The role of the core router revolves around high-performance, high-capacity packet processing. With service providers focused on investment at the network edge, core router vendors have been challenged to increase the capacity of their products to accommodate exploding bandwidth demand.
Vendors have two paths to accomplish this: they can increase per-slot switching capacity and offer higher-speed ports, and they can increase the number of physical ports via router clustering. At its 2013 Global Analyst Summit, Huawei told analysts that it is investing in both approaches.
In conversations with Ovum, Huawei said it spent $150 million to develop its Solar 3.0 network processor chipset, and it expects to spend twice that on its fourth-generation Solar 5.0 chipset, which will support 1Tbps.
Ovum believes the steep investment required to develop core routers at 400GE and higher rates is a financial hurdle that will limit the number of vendors competing in this market, perhaps even challenging the status quo in market share.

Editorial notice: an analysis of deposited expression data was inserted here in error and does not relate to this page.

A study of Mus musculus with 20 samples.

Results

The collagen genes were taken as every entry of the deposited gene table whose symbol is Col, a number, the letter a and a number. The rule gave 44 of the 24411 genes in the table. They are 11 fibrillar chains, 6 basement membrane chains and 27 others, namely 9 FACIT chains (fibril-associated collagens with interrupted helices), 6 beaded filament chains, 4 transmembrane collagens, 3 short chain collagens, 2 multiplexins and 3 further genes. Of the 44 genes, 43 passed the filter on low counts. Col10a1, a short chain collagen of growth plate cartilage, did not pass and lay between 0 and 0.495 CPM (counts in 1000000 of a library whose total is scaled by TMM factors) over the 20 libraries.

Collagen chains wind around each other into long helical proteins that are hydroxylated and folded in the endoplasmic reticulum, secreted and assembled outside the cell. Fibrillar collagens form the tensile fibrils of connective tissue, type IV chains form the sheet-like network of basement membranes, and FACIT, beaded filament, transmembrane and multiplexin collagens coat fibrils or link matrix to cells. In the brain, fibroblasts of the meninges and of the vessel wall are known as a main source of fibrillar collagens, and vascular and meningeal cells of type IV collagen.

400Gbps and 1Tbps line cards
To support higher network capacity and improve the bandwidth density of core router platforms, vendors have been evolving their products to support higher line rates, increased port counts, and higher bandwidth capacity per interface slot. All major router vendors currently offer dual 100GE line cards on their core routers.
Ovum expects continued growth in bandwidth demand will push open the commercial window for 400GE ports over the next few years. In fact, the first operational 400Gbps optical link was deployed by France Telecom in February 2013, and Verizon has talked about 400GE deployment in 2014.